This beloved internet pastime can mess with our sense of self.

Online personality quizzes have been a well-loved internet pastime since their conception. Most of them take less than ten minutes, ask questions that don’t require too much thinking and tell you something new about yourself (or confirm something you already knew). Who doesn’t love learning about themselves?

Thanks to everyone being stuck at home, the creation and taking of these quizzes has become somewhat of a trend. You can’t scroll through your Tumblr or Twitter feed for more than five minutes without coming across quizzes made by friends and people you follow that could put Buzzfeed out of business.

Although easy to ridicule at first, they’re hard to ignore. You’ll scroll past a link for one, roll your eyes, but then a few seconds later give in and click on it. You’re then stuck in a vicious cycle of taking 86 more. What started out with you trying to figure out which Lana Del Rey lyric you embody has now led to a debilitating addiction.

Why do we even take these quizzes in the first place? Yes, they’re fun and cure boredom, but why do we really take these quizzes? The answer is simple: they give us validation. Wanting to be “seen” and feel sure of who you are is a timeless desire, even in this sophisticated age. Personality quizzes fulfill that wish. Figuring yourself out is a hard journey to take on your own, so it’s nice to have a little help, even if that help comes from a silly little quiz.

It’s not hard to see the effect they’ve had on people today. Seeing someone list their Hogwarts House, Myers-Briggs Type Indicator (MBTI) and whether they’re lawful, good or chaotic neutral in their bio is so normal it’s nothing even worth batting an eye over.

People will wear quiz results like a badge of honor, like a ribbon that says, “Look at me. I figured out a small part of my personality.” There’s nothing inherently wrong with that, but like with all things, once it’s no longer taken in moderation, it can spin out of control. Life can become troublesome if you start to let results define who you are.

Let’s take a look at the Myers-Briggs personality type indicator, arguably the most popular personality quiz in the world. It’s used by schools, the military, hospitals and jobs to help you figure out who you are and what you can do.

After answering some questions, the test provides you with four letters that basically give you the key to your character — it tells you your strengths and weaknesses, what kind of friend and romantic partner you are, what you’re like in the workplace, etc.

“Here is who you are, in four letters, and now that you’ve met yourself you’re capable of designing a plan, or practice of life, that actualizes who you are according to your preferences,” said Mevre Emre, the author of “The Personality Brokers: The Strange History of Myers-Briggs and the Birth of Personality Testing.”

Tests like these can do a lot of good, like provide some much needed time for self-reflection. “Many times, personality tests will identify an area that can be further developed or identify a strength that is undervalued,” explained Pamela Rutledge, director of the Media Psychology Research Center.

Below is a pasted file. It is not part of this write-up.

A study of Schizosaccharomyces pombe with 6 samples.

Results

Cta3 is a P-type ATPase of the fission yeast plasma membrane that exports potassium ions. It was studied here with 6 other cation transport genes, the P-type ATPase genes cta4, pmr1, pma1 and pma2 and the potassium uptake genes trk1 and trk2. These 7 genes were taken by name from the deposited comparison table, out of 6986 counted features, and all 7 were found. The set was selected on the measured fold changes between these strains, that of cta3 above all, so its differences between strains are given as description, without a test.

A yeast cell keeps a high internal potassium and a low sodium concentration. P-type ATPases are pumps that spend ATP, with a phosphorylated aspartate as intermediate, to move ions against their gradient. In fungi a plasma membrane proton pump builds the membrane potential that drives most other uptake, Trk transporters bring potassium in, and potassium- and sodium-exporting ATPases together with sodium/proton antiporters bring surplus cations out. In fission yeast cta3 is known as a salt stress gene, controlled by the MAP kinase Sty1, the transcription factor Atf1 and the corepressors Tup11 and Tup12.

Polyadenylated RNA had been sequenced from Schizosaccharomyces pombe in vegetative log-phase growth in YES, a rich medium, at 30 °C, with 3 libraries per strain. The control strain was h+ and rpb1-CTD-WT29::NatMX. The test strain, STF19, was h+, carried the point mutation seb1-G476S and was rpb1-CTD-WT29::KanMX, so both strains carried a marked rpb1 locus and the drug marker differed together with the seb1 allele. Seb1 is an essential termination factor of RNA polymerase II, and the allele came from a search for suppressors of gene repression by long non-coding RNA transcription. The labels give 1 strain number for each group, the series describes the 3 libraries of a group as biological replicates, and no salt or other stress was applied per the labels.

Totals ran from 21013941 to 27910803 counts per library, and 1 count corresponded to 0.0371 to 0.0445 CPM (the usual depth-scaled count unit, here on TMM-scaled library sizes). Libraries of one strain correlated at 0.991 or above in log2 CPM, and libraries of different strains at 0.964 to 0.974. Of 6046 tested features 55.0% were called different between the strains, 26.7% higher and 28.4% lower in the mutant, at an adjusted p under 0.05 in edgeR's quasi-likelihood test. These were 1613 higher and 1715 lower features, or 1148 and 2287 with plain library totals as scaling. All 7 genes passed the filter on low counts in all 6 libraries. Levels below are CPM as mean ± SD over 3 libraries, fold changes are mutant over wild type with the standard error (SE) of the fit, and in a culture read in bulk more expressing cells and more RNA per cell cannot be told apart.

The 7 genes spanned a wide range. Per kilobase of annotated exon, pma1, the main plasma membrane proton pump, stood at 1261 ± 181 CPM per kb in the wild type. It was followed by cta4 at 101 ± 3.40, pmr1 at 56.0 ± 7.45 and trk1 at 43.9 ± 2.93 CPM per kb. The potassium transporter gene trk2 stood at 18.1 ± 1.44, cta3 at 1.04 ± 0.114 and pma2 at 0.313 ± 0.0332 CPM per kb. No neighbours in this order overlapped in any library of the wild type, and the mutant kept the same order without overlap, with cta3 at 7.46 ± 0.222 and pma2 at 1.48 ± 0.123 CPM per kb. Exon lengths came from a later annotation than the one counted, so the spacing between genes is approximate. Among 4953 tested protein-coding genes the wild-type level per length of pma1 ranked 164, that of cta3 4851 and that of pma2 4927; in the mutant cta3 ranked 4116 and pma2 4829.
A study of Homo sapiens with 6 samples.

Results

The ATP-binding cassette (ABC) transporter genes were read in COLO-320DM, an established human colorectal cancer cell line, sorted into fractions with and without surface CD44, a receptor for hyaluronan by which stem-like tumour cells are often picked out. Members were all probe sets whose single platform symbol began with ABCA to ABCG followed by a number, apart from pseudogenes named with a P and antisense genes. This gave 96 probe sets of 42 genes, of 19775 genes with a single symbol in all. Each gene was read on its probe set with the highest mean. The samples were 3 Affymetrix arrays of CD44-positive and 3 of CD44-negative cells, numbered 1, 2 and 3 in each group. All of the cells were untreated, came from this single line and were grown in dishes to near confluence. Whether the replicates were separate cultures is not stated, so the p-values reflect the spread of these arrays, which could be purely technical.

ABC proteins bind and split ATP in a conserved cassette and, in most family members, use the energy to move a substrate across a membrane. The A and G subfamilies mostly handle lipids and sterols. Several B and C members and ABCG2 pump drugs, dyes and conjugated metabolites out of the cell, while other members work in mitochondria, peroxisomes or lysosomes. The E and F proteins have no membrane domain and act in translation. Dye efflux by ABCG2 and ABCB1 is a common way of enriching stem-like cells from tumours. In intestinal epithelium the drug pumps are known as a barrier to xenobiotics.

“If, for example, you wanted to work in sales but hadn’t realized you were an introvert, you could use that knowledge to develop strategies to connect with others rather than use traditional extravert approaches. Conversely, an extravert might discover that certain jobs are too ‘antisocial’ for them to be performing at their best, or even the kind of vacation they might want to take.”

Everyone wants to think that their personalities are consistent, easy to organize, something you can wrap up and slap a bow on, and personality quizzes like the Myers-Briggs Personality Type Indicator can help feed into that hope, but they can also lead you to put yourself into a box. You can become so attached to your result that that’s all you see yourself as.

Others can only see you as your result, as well. You can become “type-shamed.” For example, in a professional setting, an employer could ask you to take a test to see what kind of employee you are, or how you work with others.

Once they get their answer, they could end up categorizing you — and that could affect how they view both your work ethic and you as a human being. Although you are obviously more complex than a simple test result, it could always hang over your head, no matter what you do. You could receive biased treatment for the rest of your time there.

This can even happen in casual settings, like with friends. It’s amusing to share quiz results with each other, but if a friend — someone who typically thinks they know you well — hears something they weren’t expecting, it could change how they see you, maybe even skewing their perception entirely. A skewed perception could affect your relationship, and so on.

Not to mention that certain results can leave you feeling awful and doubting yourself. One minute you’re on a quest to figure out what kind of pasta dish you are, and the next you’re being told that you personifying chicken broccoli Alfredo means you’re an emotional cheater who’s going to die alone — and although that sounds absolutely ridiculous, it’s still something that’ll play in the back of your mind. These days, it’s tempting to trust a computer over yourself.

The point isn’t that personality quizzes are something to be wary of, or that they should be banned from the internet. They’ve been around for ages, helping kill time and just being plain enjoyable. It’s okay to like and take them.

It just becomes a problem when they stop being fun, when we let them define our entire sense of self. We’re fascinating and complex. Our experiences, learned behaviors, environments and people we choose to surround ourselves with are some of the many things that make us who we are, not some words on a screen. The sooner we realize that, the better.